If you had just bought Dubai Moon, hull number one of the Nomad 75 SUV range at the Dubai International Boat Show, what would you do first? Head to your favourite marina and reveal your new purchase to family and friends? Maybe take an early morning breakfast in the freshly completed cockpit? Well, if you’re Bader Bin Mubarak, your priority is to grab the crew, head east of Port Rashid and set sail for the South of France.
“We had this idea to spend the summer in the Med,” said Bader, who was already the owner of a Nomad 65. “So we decided to buy a bigger boat at the boat show. Not so big, but something that was comfortable for a family, and the Nomad 75 was perfect, with four big bedrooms, lots of space – everything we needed to spend time on the water.”
The decision to buy was not a difficult one as Bader was already impressed with the 75 after a 48-hour sea trial where he joined the Gulf Craft crew as they delivered the SUV to the Kuwait Boat Show.
However, the deciding factor came much closer to home: “My sister!” exclaims Bader, “She visits the Nomad 75 on the first day of the boat show and says to me, ‘Brother please, this one! I think the 65 will be a bit tight!’ all these excuses,” jokes Bader. “I only needed someone to give me the smallest of encouragement to buy it.” And he did, the next day.
Bader’s preparation for the trip was basically a quick “yalla!” before setting the autopilot. Not the most comprehensive groundwork for a huge trip, but Bader is a skilled captain in his own right, having grown up in a shipbuilding family. In fact, his old Nomad 65 was the first yacht that his family actually hadn’t built themselves.
With her crew of four taking shifts, Dubai Moon joined the marine traffic in the Straight of Hormuz, feeling very small amongst the massive crude oil tankers, bulk carriers and containers ships.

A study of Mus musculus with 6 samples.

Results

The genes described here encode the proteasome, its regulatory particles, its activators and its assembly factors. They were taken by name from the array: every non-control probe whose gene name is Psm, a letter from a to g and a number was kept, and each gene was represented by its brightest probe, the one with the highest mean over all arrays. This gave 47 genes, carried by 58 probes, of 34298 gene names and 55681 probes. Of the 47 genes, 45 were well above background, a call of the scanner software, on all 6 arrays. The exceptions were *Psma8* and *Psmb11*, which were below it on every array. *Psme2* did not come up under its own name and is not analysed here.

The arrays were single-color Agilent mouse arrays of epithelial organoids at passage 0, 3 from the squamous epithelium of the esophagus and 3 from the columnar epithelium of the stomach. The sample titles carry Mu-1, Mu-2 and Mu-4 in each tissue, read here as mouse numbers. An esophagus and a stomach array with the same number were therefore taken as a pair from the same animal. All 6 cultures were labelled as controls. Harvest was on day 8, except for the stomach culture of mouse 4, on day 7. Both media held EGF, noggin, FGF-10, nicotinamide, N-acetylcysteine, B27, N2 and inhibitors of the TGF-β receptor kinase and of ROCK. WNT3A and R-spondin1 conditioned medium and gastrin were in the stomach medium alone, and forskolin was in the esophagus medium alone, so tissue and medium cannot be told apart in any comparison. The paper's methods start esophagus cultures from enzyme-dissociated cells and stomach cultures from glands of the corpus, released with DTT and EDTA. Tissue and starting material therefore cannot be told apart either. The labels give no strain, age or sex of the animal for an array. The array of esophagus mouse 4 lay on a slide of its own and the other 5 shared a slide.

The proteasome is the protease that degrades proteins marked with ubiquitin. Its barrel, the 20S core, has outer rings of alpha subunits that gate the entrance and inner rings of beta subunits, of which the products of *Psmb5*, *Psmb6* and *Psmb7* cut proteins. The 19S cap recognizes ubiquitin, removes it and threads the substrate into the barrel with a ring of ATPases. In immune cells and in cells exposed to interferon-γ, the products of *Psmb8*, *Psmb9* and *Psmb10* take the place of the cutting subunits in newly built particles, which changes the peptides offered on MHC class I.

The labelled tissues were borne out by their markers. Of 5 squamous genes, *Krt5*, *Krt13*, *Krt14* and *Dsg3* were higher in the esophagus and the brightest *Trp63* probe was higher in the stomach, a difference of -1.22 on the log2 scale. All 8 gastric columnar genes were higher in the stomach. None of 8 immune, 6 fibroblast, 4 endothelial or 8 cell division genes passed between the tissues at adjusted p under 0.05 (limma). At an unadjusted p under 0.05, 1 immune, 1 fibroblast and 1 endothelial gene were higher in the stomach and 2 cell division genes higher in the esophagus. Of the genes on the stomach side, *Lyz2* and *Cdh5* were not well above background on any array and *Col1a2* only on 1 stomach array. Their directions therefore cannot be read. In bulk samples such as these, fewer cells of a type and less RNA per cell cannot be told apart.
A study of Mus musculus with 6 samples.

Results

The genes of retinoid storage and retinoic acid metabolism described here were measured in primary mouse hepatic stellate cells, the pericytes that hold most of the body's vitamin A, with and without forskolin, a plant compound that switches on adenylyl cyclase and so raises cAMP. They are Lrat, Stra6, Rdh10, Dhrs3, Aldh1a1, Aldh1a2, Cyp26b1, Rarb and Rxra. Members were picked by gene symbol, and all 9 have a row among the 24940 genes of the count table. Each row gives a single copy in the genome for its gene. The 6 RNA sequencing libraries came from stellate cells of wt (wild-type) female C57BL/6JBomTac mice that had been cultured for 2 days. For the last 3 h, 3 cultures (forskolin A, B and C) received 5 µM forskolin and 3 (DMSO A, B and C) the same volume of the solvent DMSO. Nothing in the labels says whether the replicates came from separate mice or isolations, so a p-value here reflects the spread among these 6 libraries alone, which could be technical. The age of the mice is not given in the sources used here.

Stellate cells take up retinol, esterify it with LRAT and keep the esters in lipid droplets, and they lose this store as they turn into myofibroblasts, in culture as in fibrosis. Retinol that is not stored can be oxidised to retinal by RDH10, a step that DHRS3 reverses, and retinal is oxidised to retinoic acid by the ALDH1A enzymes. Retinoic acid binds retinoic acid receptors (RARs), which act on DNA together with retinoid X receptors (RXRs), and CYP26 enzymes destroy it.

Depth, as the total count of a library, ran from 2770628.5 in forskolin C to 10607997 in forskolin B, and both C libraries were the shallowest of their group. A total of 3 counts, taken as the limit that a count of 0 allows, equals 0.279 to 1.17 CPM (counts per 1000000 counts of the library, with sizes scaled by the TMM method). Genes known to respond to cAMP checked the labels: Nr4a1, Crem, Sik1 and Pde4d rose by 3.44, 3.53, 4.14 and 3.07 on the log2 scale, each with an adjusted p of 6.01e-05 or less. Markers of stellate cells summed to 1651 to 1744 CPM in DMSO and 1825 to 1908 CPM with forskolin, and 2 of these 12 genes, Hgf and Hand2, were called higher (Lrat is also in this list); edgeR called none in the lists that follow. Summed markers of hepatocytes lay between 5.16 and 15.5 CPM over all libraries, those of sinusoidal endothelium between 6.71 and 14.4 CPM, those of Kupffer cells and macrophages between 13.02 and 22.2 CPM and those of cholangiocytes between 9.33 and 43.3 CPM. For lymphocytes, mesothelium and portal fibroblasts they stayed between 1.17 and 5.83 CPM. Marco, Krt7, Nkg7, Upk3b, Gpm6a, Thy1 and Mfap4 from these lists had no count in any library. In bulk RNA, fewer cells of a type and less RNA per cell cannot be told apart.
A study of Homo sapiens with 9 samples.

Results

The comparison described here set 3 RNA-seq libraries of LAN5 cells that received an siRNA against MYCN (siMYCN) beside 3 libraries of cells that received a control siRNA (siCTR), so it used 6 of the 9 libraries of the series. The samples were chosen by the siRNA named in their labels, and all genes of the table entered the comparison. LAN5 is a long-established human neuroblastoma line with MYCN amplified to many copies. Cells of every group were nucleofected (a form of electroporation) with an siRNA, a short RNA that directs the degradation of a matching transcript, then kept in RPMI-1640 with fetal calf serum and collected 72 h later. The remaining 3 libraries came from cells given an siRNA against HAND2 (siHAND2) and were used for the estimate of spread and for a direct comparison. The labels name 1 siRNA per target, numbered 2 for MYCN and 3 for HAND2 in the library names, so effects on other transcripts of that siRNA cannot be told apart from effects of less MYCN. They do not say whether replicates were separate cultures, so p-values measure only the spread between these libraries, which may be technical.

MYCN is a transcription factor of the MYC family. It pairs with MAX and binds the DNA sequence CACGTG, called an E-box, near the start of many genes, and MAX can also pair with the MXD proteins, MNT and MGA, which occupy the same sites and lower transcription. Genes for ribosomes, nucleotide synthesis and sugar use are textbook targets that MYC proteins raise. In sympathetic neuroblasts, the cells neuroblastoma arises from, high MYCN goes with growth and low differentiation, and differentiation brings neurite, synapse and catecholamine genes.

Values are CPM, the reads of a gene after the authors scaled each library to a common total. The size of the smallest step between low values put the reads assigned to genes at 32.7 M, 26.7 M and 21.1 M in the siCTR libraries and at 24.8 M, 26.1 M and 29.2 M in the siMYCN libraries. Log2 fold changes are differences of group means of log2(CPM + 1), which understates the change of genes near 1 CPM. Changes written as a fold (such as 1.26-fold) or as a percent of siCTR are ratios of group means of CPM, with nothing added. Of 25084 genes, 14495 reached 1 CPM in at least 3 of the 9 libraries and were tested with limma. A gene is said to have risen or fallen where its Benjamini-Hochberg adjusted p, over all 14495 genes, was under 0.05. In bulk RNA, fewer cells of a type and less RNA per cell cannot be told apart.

Once past the tankers, the Gulf of Oman and the Indian Ocean kept the crew alert with 30-knot-plus headwinds and two metre high seas. However, the SUV’s semi displacement hull took the rough conditions in its stride, providing a comfortable ride for those on board as they headed to Salalah and the Nomad’s first fuel stop. In four days, the 75 had only used 55% of its total fuel capacity.
Starting the second leg from Salalah, the Nomad took seven days at an average cruising speed of around 10 knots to complete the journey of 1400 Nautical miles.
It was a relatively uneventful leg, however, the trip was about to encounter its first obstacle, in Saudi. “We spent five days in Jeddah,” said Bader. “We just wanted fuel – there was no fuel station, so they brought us a tanker, which needed a special permit. The tankers were a minimum of 10,00 gallons. We didn’t want 10,000 gallons!” Eventually, after a fair bit of paperwork, Dubai Moon left Jeddah and headed for another potential paperwork nightmare at Suez.
The expected inconvenience never materialised though, as the pilot came on board and that was it, no problems at all and the 75-foot Nomad joined Dilbar, Savanah, Titiana and Rocket for the next journey, which was to come to a halt 30 miles north of Port Sayed.
“The engines automatically shut down,” commented Bader. “The liquid in the separator was a very bad colour – we’d been supplied with dirty diesel in Jeddah.” Anyone who’s ever had a good look around a Nomad will know that they’re designed to be straightforward to maintain, so the crew transferred the bad diesel to the spare tanks, filtered the clean diesel, cleaned the filters and continued to Cyprus, where they arrived next morning.
Dubai Moon was met by Gulf Graft technicians in Cyprus, where they gave the Nomad a check-up before the crew headed west along the Turkish coast.
Bader’s Mediterranean goal was complete and with the adventures of the Red Sea a distant memory, the family joined the SUV and began to enjoy summer on board.
With no real schedule to stick to, Bader anchored at bays in Turkey, Greece, Italy, France and Spain. The Nomad’s final Mediterranean adventure ends at the Cannes Yachting Festival, where she will take her place on the Gulf Craft stand.
“Next time we will take extra fuel tanks. That way we don’t have to stop and take on dirty diesel!”
From the day he was born Bader was surrounded by boats and the family spent every Friday, Saturday and Sunday on the water. It comes as no surprise to find that Bader (important meetings aside) will be personally bringing Dubai Moon back to the UAE after Cannes. “Next time we will take a couple of extra fuel tanks,” comments Bader. “That way we don’t have to stop and take on dirty diesel!”
The trip took 18 days instead of the 15 predicted, but with the lack of a Red Sea pit stop and the knowledge learned, the return journey should take 14 days maximum. Let the next Dubai Moon adventure commence!